Tuesday, May 25, 2010

Urban Living: People, Places and Things

MY NEIGHBORHOOD. (Bushwick/Brooklyn)

View from the rooftop of my apartment.

Neighborhood art.

Neighborhood art and me.

Brit and I hanging out at the Morgan Ave subway stop (aka- my home base).

The artsy corner of the Morgan Ave. spot.


Solid paper...read it.

One day, I will take a ride with this horse.

Lunch break-break dancers.
You can catch these guys around noon o'clock everyday near Central Park-South. They entice prospective audience members by yelling, "Hey, you! There's nothing to be afraid of...We're just black guys, dancing!" Hey...it worked for me.

Times Square.
Filled with skyscrapers, neon lights, billboards, overpriced pizza, and Nikon-strapped tourists.

A week after the attempted bombing in Times Square, the area was swarming with police.


Brit and I before our Saturday night adventure through mid-town.

Brit and I at the International Food Festival.
Each year, more than one million hungry souls head to 9th Avenue for the International Food festival. With everything from chorizo sausages, to suckling pig, to Thai iced tea- it’s important to go with a big appetite to make the most of the experience. Brit and I had no trouble partaking in the feasts, and indulged in some of the more ‘exotic’ varieties.

Friday night rooftop dance-off.

My housemmate, Mia, nibbling away at the local bodega.

Smaps and Chiekh experimenting with black and white on black and white in my apartment.

Good people/good tunes/good comedy shows to be found at this bar on the Lower East Side.

Me, Jim, and an unknown man hanging out at Jim's 'tree fort.'
(and the night Jim and I wore near-matching tops)

Liz, me, Maricio at an Irish pub on Cinco de Mayo.

Grumpy Liz on the subway.

Tuesday, May 11, 2010


I disrupt the subway’s empty stares with a smile, and interrupt its crowded silence with a hello.

Occasionally, people respond to my forwardness with confused glances. More often, though, I’m met with a warm face in return-a mild expression of gratitude-as most New Yorkers are eager to indulge in some complimentary courtesy.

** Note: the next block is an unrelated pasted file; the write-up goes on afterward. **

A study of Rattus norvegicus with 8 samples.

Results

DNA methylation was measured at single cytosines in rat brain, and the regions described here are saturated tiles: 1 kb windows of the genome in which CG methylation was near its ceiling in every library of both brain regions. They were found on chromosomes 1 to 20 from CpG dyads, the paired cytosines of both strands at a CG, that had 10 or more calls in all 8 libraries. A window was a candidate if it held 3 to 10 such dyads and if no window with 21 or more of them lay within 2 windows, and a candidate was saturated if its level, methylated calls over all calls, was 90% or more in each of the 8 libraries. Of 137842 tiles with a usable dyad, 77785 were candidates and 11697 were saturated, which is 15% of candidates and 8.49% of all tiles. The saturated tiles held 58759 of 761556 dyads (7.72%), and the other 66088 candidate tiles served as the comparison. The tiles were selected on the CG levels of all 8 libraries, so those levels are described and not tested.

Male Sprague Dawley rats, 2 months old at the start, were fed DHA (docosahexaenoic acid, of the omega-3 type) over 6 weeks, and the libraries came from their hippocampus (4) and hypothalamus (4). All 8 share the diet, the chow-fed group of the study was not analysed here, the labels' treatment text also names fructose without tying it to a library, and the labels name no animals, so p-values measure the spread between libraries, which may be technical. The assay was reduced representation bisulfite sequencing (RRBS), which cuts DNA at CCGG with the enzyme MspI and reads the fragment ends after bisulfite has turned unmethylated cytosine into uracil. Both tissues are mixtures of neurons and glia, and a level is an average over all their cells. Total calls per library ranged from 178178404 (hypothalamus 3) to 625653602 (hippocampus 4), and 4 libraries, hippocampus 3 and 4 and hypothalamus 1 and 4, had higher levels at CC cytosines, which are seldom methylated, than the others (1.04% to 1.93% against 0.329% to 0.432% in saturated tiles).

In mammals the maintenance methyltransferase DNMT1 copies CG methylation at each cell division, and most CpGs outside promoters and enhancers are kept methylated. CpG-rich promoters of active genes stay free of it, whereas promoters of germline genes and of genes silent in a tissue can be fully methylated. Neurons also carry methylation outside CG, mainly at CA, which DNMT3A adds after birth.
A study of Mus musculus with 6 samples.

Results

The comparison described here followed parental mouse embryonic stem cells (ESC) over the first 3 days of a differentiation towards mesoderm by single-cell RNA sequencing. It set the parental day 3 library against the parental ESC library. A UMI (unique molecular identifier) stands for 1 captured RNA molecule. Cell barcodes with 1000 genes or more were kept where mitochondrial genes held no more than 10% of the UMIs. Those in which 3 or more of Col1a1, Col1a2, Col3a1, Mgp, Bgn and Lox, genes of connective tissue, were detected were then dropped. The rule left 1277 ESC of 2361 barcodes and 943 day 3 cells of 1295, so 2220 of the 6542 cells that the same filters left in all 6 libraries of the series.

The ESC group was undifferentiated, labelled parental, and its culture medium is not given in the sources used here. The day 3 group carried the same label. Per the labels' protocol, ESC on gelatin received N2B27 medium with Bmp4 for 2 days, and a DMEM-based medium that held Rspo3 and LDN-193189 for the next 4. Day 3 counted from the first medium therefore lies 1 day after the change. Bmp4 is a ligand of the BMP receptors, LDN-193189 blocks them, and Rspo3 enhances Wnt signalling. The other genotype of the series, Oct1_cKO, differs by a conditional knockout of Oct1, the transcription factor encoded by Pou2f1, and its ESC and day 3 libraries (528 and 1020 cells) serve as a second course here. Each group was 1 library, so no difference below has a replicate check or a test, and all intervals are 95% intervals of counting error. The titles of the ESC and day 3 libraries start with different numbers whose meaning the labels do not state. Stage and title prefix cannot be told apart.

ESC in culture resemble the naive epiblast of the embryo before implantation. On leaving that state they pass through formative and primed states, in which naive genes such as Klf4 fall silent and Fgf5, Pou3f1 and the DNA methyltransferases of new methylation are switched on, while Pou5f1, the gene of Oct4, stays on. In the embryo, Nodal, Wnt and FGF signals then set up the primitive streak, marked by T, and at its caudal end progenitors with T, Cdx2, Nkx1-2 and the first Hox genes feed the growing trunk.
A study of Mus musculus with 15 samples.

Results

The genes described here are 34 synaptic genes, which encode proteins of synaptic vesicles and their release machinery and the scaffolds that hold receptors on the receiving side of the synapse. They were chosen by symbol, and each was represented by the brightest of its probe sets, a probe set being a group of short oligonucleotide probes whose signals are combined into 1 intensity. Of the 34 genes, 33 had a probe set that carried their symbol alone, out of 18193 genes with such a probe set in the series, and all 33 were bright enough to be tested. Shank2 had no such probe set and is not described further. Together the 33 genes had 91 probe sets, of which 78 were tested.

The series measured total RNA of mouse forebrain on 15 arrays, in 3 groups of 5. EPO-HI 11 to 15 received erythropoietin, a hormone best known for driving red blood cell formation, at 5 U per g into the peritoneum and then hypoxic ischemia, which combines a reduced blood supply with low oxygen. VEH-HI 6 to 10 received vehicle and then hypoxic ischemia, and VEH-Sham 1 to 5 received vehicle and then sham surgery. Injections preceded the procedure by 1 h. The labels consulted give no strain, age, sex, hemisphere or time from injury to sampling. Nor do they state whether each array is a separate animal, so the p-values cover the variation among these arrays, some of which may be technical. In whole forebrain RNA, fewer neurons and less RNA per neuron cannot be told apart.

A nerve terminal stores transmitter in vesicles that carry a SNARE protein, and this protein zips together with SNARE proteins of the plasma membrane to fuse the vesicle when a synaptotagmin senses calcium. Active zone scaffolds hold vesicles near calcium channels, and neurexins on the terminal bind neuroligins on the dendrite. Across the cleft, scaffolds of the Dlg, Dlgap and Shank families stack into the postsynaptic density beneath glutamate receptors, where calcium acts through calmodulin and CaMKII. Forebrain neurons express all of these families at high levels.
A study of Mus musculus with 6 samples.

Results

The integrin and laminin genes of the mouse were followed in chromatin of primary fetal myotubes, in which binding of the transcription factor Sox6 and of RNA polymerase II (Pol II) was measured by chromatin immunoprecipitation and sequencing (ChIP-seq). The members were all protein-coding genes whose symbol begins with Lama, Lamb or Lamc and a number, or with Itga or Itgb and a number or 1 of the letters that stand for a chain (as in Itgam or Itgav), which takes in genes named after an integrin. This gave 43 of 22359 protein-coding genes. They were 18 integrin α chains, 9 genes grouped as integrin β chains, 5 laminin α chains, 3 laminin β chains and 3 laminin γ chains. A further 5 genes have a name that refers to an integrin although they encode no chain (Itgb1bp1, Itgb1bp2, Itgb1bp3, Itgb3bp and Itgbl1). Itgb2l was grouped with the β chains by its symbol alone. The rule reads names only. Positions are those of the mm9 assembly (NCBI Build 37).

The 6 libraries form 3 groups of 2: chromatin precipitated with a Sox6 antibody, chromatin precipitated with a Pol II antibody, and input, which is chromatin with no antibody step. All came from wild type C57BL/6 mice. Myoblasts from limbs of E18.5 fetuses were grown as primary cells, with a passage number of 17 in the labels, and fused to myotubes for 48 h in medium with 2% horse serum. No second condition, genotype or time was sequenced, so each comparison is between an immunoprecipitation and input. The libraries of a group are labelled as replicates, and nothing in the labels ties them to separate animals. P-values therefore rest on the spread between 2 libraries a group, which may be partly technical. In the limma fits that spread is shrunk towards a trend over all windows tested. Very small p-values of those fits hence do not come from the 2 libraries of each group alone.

It’s been about five weeks now that I’ve been in NYC, and I can’t ever recall a time when I felt so alive. Some days, I feel like I can’t afford to sleep, like the hours under the influence of REM are wasted moments, and that really, I should sacrifice rest altogether so as not to miss a beat.

Some days, I have to remind myself to breathe…to not just see the city’s energy pulsating around me, but feel it too.

Not an ordinary day passes. The conversations with strangers on subways never repeat themselves, and with each seemingly random discussion, I find myself to be that much closer to understanding the preciousness of life. With a concerted effort, I do what I can to not take these moments for granted, as everyday distractions are all too vast, and the opportunity to genuinely reach out to other people is constantly missed.

I am interested in hearing stories. Stories that to some may appear trivial or irrelevant are, to my ears, fascinating.

Before moving to the city, I was told that it would be hard to meet people. I was told that although I would be living in ‘the city that never sleeps,’ and quite literally be surrounded by new faces every day, that the likelihood of forming a relationship, friendship or otherwise, would be slim to none.

Thankfully, I never bought into this.

Since moving here, I’ve met some of the most interesting people. All walks of life roam the streets, and the trick to engaging with any of them is to, quite simply, speak up.

From the Dominican guy two blocks over whom I purchase fresh produce, to the homeless man who sits on a bench just south of Central Park- and the dozens of people I meet in between- I am fortunate to be surrounded by creative, intelligent, and unique types.

I am now an official participant of the force and power that is New York, and I'm loving every minute of it.